Sing a Song About Singing a Song 

Meta-musicals on both sides of the bay.

American musical theater is ripe for parody. There is something inherently ridiculous about characters bursting into song for no particular reason, and the trend of making musicals out of unlikely popular movies threatens to make the genre almost synonymous with overblown misfires.

In short, it's an excellent time for Center REPertory Company of Walnut Creek to offer the Bay Area premiere of Eric Rockwell and Joanne Bogart's comedy The Musical of Musicals: The Musical! (No relation to Berkeley Rep's recent TRAGEDY: a tragedy.) The same rudimental story is told in the style of five different musical-theater songwriting teams. Most songs parody specific numbers but often veer into bits borrowed from other musicals by the same songwriters, and often egregious puns reference the rest of their oeuvre.

First captured in a very funny silent-film intro by Jeffrey Draper, the common thread is the classic melodrama scenario of the damsel in distress and the predatory landlord: "You must pay the rent!" "I can't pay the rent!" "You must pay the rent!"

Directed and choreographed by Mindy Cooper, the same four actors play alternate versions of the same roles throughout: Dani Marcus as cash-strapped ingénue June, Mark Farrell as leering landlord Jitter, Quinn Van Antwerp as strapping hero Willy, and Milissa Carey as maternal advisor Abby. Musical director Brandon Adams accompanies the action as the omnipresent pianist and sometime narrator.

The Rodgers and Hammerstein homage "Corn" is mostly a delightfully corny parody of Oklahoma! with hints of Carousel. "Oh, the chipmunk is reading the Bible," cowboy Big Willy sings with hilarious earnestness, and June's plummy diction contrasts amusingly with the countrified pronunciation. Farrell's grubby landlord is a small, small man bristling with resentment. "Now ah'm gonna go back to mah lonely room," he says petulantly — "to look at pitchers! Pitchers of dirty girls!"

The Stephen Sondheim section, "A Little Complex" mixes a whole lot of Sweeney Todd with a dash of Company, casting Jitter as a murderous, frustrated artist (to squeeze in some Sunday in the Park with George jokes) who runs a modern apartment complex full of neurotics. June's plight is just a footnote in the Jerry Herman chapter "Dear Abby," very much in the mode of Mame, as nerdy Junie Faye and the fellas sing about filling time until their fabulous hostess reemerges in a fabulous new outfit to deliver a pithy quip. The Kander-and-Ebb-style "Speakeasy" takes two parts Cabaret to one part Chicago, with Jutter the flamboyant emcee, Juny the struggling showgirl, Villy her jailbird fiancé, and Fraulein Abby as a vampy Marlene Dietrich type.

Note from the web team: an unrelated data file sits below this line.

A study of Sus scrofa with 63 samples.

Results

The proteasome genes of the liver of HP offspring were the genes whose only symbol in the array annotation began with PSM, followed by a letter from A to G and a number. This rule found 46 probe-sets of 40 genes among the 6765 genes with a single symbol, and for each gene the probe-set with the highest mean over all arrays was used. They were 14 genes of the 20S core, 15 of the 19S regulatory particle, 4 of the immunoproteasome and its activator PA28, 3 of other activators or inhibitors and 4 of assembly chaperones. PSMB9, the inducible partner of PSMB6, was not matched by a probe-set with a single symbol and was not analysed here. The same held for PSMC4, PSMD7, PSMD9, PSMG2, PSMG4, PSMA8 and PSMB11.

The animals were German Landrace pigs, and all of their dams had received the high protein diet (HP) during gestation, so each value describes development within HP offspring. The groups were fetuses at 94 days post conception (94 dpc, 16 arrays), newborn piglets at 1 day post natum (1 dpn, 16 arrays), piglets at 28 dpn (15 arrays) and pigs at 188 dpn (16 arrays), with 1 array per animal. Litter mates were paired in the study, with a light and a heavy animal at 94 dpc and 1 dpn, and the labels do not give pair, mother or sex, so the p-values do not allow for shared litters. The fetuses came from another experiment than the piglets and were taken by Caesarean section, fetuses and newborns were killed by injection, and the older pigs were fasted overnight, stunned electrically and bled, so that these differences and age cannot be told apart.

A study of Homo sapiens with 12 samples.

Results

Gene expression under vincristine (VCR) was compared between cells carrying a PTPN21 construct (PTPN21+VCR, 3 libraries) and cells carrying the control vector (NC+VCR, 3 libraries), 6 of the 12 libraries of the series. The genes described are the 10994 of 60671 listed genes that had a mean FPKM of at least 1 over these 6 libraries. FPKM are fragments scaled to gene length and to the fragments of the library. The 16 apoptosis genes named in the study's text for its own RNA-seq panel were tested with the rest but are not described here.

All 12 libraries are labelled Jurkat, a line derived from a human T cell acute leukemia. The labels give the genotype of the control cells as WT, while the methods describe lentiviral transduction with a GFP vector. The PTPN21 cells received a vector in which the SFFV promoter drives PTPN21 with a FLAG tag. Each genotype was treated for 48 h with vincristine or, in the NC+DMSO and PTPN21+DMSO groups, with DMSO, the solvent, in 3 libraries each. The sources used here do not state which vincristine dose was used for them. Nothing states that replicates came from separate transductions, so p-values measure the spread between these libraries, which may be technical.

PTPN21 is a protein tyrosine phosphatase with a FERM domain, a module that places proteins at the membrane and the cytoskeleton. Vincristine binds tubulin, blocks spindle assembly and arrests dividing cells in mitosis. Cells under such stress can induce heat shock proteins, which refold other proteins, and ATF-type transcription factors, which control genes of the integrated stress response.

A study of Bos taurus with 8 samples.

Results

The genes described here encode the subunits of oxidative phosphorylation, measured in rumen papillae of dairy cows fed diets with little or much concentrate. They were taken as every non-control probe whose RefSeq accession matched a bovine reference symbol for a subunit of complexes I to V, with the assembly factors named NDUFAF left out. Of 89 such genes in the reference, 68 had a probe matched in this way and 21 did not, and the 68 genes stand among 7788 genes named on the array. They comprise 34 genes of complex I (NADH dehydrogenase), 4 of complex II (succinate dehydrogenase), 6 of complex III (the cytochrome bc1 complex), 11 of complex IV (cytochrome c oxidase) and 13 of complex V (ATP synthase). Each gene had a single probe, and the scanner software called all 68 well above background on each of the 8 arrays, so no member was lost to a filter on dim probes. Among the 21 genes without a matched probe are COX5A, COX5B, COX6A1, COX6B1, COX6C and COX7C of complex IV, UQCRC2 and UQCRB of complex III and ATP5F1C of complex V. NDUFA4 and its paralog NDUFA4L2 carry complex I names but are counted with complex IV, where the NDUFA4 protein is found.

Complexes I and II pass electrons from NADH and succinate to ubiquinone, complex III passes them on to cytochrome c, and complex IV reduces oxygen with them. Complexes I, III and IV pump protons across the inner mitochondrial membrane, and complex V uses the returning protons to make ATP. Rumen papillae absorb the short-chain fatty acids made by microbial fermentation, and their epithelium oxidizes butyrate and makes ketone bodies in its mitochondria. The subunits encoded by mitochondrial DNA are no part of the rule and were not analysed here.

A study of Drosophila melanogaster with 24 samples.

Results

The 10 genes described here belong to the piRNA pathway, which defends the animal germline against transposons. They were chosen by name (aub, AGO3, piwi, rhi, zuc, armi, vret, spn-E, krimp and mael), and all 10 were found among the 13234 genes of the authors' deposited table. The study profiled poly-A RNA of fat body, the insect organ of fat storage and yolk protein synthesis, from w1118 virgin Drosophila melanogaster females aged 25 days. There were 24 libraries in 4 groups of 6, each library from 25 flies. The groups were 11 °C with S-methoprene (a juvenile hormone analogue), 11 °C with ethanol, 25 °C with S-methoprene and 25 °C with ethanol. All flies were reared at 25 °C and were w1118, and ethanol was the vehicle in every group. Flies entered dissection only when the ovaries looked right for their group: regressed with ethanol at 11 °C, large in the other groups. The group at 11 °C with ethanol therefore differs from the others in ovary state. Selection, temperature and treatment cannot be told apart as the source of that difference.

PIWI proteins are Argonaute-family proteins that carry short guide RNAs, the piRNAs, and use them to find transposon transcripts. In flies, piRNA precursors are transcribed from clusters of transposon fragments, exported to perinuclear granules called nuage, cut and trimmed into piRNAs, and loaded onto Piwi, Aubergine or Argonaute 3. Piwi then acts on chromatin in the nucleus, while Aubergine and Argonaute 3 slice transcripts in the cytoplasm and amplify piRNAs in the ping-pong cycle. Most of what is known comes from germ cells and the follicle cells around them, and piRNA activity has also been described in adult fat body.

Best of all is "Aspects of Junita," hilariously parodying Andrew Lloyd Webber's over-the-top bombast, special effects, sung-through pop opera ("We Never Talk Anymore") and alleged plagiarism (Junita's oft-repeated refrain "I've Heard That Song Before"). June as an egomaniacal Evita type is paired with Jitter as the Phantom of the Opera, with bits of Cats and Jesus Christ Superstar thrown in.

Meanwhile in San Francisco, the Un-Scripted Theater Company is improvising full-length stage musicals in the style of the non-musical playwright of your choice. The group has done fully improvised musicals before — notably The Great Puppet Musical and the holiday show Let It Snow — but this is the first go-round for Theater: The Musical. Over the month of May a rotating cast of actors has been coming up with two-act tuners in the mode of David Mamet, Samuel Beckett, Eugene O'Neill, Tennessee Williams, Woody Allen and Neil Simon. (Simon wrote Sweet Charity, but rules are made to be broken.)

The night we saw the show it happened to be an all-female cast and the playwright chosen from audience suggestions was Lillian Hellman. (No one uses her book for Candide anymore, so it's easy to pretend she never wrote musicals.) Usually five out of the pool of ten actors perform, but this time six women quickly whipped up the characters and story arc on the spot and belted out improvised lyrics to the spontaneous keyboard compositions of David Norfleet.

More melodrama than comedy, the plot that emerged was somewhat inspired by The Children's Hour in exploring fear, loathing, and sapphic suspicions at a girls' boarding school. Susan Snyder became the new teacher, Mandy Khoshnevisan the snobby establishmentarian, Karen Hirst the spiteful gossip, Tara McDonough the awkward nerd, Debra Shifrin the budding idealist, and Laurie Glapa the absent-minded dean.

Some songs were meandering, others remarkably catchy, but on the whole what emerged was often quite funny and more solidly constructed than some scripted musicals that have passed through the neighborhood. (Lestat comes to mind.) When there were long pauses, especially when things were still taking shape, the actors used the awkwardness as a character choice.

Because each performance is an entirely different show than the last, you could see three completely new musicals in the one weekend remaining, each never to be seen again. Theater: The Musical isn't just subverting musical theater by making it look easy — in a particularly immediate form, it's what live theater is all about.